Perhaps I wasn't paying attention but I haven't heard much about the 20th anniversary of the fall of the Soviet Union in 1991. Fortunately Studio 360 with Kurt Andersen opened that window a little, examining how Ronnie Dunn, described as a country music megastar, assembled a secret stash of Soviet art.
I was working in Moscow at that time, visiting farms, printers and state publishers. At every location I saw examples of muscular Soviet Realism, usually in the form of rosey-cheeked farmers, almost beaming productivity. This Communist propaganda, pretty much unchanged since Stalin, was the official product of the Soviet Artists Union. If you wanted to sell art or even get paint, you had to conform to this style. As Studio 360 notes, when the Soviet Union collapsed, the art that has been created secretly and hidden under beds caught the attention of collectors like Ronnie Dunn and the rest is history.
I first visited Russia in 1989 and what seemed immediately clear was the map (offical US government view) did not fit the territory (the flesh-and-blood Moscow). The bread lines, the alcohol consumption and the utter dependence of the citizenry on the government took some of the sting out of the Russian bear. As my boss famously said at that time, "There are no hardware stores in Russia." This accurately defined the Russian soul.
It was remarkable how quickly Russians walked away from the official Communist Party line, in art, science and public expression. This was a bizarre world at a bizarre time. Communist Party officials simply "walked" across the street and became free market democrats. We didn't seem to care. We were the disciples of transformation and regeneration.
Robert Rodale, the late chairman of Rodale, asked me to help him launch Novii Fermer, loosely based on Organic Gardening and the New Farm, in Russia. We knew the collective farms were not able to feed that nation and the use of commericial fertilizers was killing the soil. There was a strong dose of American optimism and hubris in the notion that we could encourage a sea change in a country governed by collective thinking for almost a century.
At the time Russia had no legal system to speak of and very little understanding of joint ventures. Nonetheless, we pushed ahead and developed a joint venture with a state publishing company. That was the easy part. Since there were no suitable presses in Moscow, we would have to print Novii Fermer in Finland and truck to Moscow. This wasn't that unusual and caused no more of a headache that paying the hefty tolls and bribes along the route.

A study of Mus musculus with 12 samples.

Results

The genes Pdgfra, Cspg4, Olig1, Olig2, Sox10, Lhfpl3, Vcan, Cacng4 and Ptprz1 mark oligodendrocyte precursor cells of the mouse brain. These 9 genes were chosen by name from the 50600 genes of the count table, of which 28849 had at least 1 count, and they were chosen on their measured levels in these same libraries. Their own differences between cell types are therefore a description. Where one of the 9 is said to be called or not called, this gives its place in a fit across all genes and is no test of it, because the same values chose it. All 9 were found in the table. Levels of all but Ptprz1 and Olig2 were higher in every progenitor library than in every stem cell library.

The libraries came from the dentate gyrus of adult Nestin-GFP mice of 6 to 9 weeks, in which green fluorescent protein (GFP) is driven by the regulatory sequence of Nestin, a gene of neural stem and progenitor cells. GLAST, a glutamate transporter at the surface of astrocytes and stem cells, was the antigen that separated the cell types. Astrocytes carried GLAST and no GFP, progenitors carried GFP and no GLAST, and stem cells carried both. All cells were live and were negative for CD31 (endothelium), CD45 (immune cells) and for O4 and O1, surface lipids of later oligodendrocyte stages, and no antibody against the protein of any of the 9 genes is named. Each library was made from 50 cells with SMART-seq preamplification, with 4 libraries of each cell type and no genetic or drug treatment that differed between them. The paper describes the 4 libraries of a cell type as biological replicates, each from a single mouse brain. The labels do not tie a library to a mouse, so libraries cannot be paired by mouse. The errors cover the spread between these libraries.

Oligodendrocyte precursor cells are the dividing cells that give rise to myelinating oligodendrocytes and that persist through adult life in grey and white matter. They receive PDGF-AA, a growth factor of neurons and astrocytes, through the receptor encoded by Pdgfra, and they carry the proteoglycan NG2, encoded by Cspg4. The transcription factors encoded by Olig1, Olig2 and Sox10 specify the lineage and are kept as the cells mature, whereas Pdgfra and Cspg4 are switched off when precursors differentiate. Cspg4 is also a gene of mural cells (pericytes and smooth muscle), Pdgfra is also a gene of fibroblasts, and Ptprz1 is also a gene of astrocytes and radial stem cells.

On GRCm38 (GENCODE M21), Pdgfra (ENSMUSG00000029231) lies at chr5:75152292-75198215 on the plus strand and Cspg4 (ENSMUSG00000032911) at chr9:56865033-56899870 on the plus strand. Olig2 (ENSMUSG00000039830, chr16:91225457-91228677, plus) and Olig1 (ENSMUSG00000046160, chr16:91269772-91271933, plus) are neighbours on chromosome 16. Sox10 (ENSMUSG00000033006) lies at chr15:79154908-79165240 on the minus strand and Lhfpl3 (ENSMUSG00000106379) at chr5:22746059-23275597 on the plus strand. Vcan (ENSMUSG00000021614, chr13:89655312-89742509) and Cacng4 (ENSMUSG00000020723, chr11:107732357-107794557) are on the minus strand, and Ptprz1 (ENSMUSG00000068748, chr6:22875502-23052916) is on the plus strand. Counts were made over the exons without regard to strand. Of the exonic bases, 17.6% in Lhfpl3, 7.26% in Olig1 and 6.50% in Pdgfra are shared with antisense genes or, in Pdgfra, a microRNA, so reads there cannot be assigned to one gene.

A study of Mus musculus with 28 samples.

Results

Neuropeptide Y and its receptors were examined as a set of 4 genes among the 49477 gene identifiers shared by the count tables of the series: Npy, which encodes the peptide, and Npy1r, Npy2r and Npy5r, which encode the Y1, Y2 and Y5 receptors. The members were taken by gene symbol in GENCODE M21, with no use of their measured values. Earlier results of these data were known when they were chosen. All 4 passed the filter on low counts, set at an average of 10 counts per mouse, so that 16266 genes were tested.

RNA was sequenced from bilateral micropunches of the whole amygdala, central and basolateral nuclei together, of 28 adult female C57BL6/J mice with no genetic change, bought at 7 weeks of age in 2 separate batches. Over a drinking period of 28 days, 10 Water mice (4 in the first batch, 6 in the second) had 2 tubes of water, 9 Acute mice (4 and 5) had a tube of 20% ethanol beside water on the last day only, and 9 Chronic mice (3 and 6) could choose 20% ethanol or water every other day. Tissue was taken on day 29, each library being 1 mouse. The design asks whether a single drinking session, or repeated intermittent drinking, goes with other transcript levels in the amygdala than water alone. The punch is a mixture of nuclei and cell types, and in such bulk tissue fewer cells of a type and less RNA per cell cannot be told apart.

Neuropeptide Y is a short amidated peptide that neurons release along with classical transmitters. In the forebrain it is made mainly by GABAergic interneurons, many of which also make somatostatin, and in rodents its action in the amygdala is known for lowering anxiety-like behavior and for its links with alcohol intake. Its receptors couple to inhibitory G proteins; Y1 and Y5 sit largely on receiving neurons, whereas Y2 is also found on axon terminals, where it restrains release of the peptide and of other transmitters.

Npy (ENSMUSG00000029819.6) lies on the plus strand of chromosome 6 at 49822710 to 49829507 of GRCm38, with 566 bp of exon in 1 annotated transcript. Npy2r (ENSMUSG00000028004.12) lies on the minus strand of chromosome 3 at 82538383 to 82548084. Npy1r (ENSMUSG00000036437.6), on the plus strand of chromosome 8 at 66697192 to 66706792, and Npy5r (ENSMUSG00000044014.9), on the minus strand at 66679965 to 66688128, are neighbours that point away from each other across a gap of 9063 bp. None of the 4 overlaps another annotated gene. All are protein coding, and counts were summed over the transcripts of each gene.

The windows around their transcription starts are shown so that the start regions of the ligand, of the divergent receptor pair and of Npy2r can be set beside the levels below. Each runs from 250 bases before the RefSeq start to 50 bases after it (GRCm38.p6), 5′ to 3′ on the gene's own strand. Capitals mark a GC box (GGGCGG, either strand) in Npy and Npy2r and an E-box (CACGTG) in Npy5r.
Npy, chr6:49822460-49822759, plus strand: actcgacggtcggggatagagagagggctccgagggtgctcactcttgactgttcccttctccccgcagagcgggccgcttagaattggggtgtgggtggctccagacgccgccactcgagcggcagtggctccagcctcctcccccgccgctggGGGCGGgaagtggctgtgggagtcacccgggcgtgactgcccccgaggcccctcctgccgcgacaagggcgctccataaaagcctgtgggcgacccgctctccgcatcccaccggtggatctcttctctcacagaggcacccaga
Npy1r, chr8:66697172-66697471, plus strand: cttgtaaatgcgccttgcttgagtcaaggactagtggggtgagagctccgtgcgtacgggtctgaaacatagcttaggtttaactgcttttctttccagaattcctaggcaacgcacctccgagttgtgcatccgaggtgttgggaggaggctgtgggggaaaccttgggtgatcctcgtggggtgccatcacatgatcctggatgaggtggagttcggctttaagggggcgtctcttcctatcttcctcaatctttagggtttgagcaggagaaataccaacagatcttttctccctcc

Unfortunately our joint venture partners were less interested in magazines than in building a sausage factory on a farm outside of Moscow. So the deal went something like this. We would buy the equipment for the sausage factory as our contribution to the joint venture. The plan was to sell high-quality sausages to the ex-pat community in Moscow who would pay in hard currency (US) that would cover the printing in Finland. What was left would help cover operating costs.
Why the sausage factory? To the best of my knowledge this was government edict. Russia was so short of modern machinery that they tried in the years after the collapse to add similar requirements to joint ventures where possible. I think we were the first to come down the pike. Though we had a top-notch Washington DC law firm protecting our interests, the combination of our naivete and the chairman's desire to do the deal took away some of our bargaining chips.
Tragically, Rodale and three of our Russian partners were killed in a horrific car accident within hours of signing the joint venture agreement, September 1990.
We pushed ahead and produced a glossy Novii Fermer a year later which was largely subsidized. The sausage factory didn't work out and the equipment was subsequently sold.
George Green, the long-time president of Hearst International often said that what American magazines export was a can-do, DIY point-of-view. I recall my long sessions with Russian editors describing the notion that we have the power to change our lives.
That was Bob Rodale's message at home and abroad. His work is still remembered in Russia and entrepreneurs there have told me that small farms, cottage industries and local produce are on the rise, changing the face of the nation.